The Band of the Grenadier Guards is one of the world’s premier military bands and has a long and distinguished history. It is one of the oldest and most famous military bands in the world with a vast and illustrious history dating back over 300 years.
It was formed under the rule of King Charles II on his return to power from exile. King Charles II restored not only the Monarchy to England but also the patronage of the arts, not least by laying the foundations of the Band of the Grenadier Guards. The first mention of music in the Regiment is a Royal Warrant issued by King Charles II in 1685, the year of the birth of Bach and Handel, authorising the maintenance of twelve Hautbois in the King’s Regiment of Foot Guards in London.
The death of King Charles II in 1685 was so significant for the band that until the Second World War, the Bass Drummer (known officially as The Regimental Timebeater), wore a black armband in mourning of the king’s death
The Regiment’s music was then gradually expanded by the addition of other instrumentalists; three more Hautbois were added in 1699 and two French Horns in 1725, according to the St James’s Evening Post, Bugle Horns costing £27 were added in 1772.
By 1783 the Band had attained the perfect balance of two Oboes, two Clarinets, two Horns and two Bassoons – a mere eight players. But the strength of the Band increased rapidly in the latter part of the 18th Century so that in 1794 it is recorded as comprising one Flute, six Clarinets, three Bassoons, three Horns, one Trumpet, two Serpents and ‘Turkish Music’. (This being Negro time-beaters who played the Bass Drum, Cymbals and Tambourine).
In the 19th Century, many notable changes took place as new instruments and techniques were invented; in 1848 the Band listed two Flutes, one Piccolo, three Eb Clarinets, eight Bb Clarinets, three Bassoons, four French Horns, a family of Trumpets, one Althorn, three Tambourines, two Ophicleides and Drums. Still later were added Cornets, Bass, Euphonium, Flugel Horn and Saxophones and by 1858 the Band must have sounded much as it does today.
The Band of the Grenadier Guards has been filling the streets of London with pomp and ceremony for over three centuries and is a truly historic sight and sound. The Band has served 15 monarchs over 326 years with dedication and pride and it has been present at all the major royal occasions: births, coronations, weddings and funerals. The Band has been a witness to all London’s key historic events, both tragic and joyful; it raised morale during the darkest hours of the Second World War and its uplifting music ushered in a new beginning at the coronation of the present queen.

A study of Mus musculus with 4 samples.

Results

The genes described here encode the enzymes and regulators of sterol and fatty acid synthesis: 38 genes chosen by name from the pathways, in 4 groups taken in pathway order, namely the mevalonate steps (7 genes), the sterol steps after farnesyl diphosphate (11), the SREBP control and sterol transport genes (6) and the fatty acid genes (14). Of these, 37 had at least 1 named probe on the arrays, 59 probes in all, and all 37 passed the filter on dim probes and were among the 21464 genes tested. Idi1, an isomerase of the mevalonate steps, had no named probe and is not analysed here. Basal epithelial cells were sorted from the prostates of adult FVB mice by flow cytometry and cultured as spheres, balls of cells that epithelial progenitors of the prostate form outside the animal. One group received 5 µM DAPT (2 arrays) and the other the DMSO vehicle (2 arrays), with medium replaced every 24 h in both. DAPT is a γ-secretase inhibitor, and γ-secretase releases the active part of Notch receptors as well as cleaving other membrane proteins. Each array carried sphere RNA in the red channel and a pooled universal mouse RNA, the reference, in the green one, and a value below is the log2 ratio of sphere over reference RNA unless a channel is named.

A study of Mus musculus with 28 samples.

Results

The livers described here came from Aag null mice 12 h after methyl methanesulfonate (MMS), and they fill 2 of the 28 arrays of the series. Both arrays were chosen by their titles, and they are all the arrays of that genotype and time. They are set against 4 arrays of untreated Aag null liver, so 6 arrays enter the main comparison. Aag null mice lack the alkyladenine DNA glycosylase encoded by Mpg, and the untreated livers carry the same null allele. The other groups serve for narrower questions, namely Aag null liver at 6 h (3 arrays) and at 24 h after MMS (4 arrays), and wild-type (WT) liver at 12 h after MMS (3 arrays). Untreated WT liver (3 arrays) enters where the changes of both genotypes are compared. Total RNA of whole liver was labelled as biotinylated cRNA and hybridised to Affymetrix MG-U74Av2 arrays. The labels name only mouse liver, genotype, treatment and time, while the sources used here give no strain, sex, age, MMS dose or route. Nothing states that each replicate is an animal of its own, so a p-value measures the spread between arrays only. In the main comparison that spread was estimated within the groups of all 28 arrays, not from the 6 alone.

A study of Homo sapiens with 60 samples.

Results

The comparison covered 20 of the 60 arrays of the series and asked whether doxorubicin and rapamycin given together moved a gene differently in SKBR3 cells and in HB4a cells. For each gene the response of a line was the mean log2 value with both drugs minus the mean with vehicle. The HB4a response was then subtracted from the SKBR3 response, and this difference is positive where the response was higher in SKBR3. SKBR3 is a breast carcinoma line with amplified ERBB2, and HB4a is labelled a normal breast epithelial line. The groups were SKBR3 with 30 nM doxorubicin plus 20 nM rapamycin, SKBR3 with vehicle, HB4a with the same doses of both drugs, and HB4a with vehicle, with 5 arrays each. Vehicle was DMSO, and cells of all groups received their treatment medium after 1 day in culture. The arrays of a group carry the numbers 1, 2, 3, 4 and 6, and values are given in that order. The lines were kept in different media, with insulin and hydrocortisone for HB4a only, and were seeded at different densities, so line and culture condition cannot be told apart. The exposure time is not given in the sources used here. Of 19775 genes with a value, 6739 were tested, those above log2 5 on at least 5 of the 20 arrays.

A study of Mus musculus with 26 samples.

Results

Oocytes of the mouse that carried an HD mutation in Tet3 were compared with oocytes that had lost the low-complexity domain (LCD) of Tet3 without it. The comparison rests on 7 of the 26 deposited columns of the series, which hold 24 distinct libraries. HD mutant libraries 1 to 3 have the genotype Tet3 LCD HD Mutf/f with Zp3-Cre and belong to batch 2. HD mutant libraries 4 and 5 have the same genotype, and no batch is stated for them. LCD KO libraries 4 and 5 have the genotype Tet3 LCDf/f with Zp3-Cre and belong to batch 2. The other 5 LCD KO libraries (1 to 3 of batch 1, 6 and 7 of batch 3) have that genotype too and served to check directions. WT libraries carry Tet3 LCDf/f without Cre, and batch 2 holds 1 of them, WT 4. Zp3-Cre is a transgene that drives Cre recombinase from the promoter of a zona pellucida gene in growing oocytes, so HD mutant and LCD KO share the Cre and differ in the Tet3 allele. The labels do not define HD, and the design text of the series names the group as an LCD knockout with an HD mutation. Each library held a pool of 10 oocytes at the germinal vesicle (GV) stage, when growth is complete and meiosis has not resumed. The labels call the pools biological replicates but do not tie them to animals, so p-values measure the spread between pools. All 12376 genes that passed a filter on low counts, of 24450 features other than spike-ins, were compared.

The “British Grenadiers March” is one of the most recognisable and memorable tunes in the world and is part of Britain’s musical heritage. One of the band’s admirers during the 18th century was George Frideric Handel – so much so that he presented the march from Scipio to the regiment before including it in his opera of that name when it was first performed in 1726. George II gave Handel the task of re-scoring the Music for the Royal Fireworks, most commonly performed with strings, for the king’s own musicians, who were wind players from his foot guards. Handel would have undoubtedly come into contact with musicians from the Grenadier Guards during the first performance at Vauxhall Gardens in 1749.
During its long history, the Band has made many tours abroad including USA and Canada, France, Italy and North Africa, Gibraltar, Australia, New Zealand, Holland, Germany, Switzerland and many short visits to France and Belgium.
The Band is permanently based at Wellington Barracks, London, from where it can provide musical support to the British Army primarily through participation in State and Ceremonial occasions including The Queen’s Birthday Parade, the daily Guard Mounting Ceremony in the forecourt of Buckingham Palace, at Investitures, State Banquets, State Visits and many of Her Majesty’s engagements at Buckingham Palace, Windsor Castle and elsewhere. The band also performs at other non-military events such as Henley Regatta, Royal Ascot, the FA Cup Final and international rugby matches and opened the 2002 Commonwealth Games in Manchester. The Band of the Grenadier Guards also visits schools to take part in musical concerts and workshops.
The Band shares these duties with the Bands of the other Foot Guards Regiments – and together these form the ‘Massed Bands’ for The Queen’s Birthday Parade and other ceremonial occasions on Horse Guards Parade in London.
The Band is formed with male and female musicians who could also provide other ensembles such as a concert band, a marching band, an orchestra, a dance band, or a fanfare of trumpets.
Although the Band is permitted to tour abroad, to broadcast, to make records and to undertake private engagements its main function is that of a Regimental Band.
In the event of war, the whole Band provides essential war-time reinforcements as medical orderlies.
Whilst, until “Options for Change” defence reviews in the 1990s, it was previously an integral part of the Regiment, the band is now one of just 14 remaining military bands that form The Royal Corps of Army Music (CAMUS), now the newest and most junior Corps of the British Army dedicated to the provision and promotion of military music.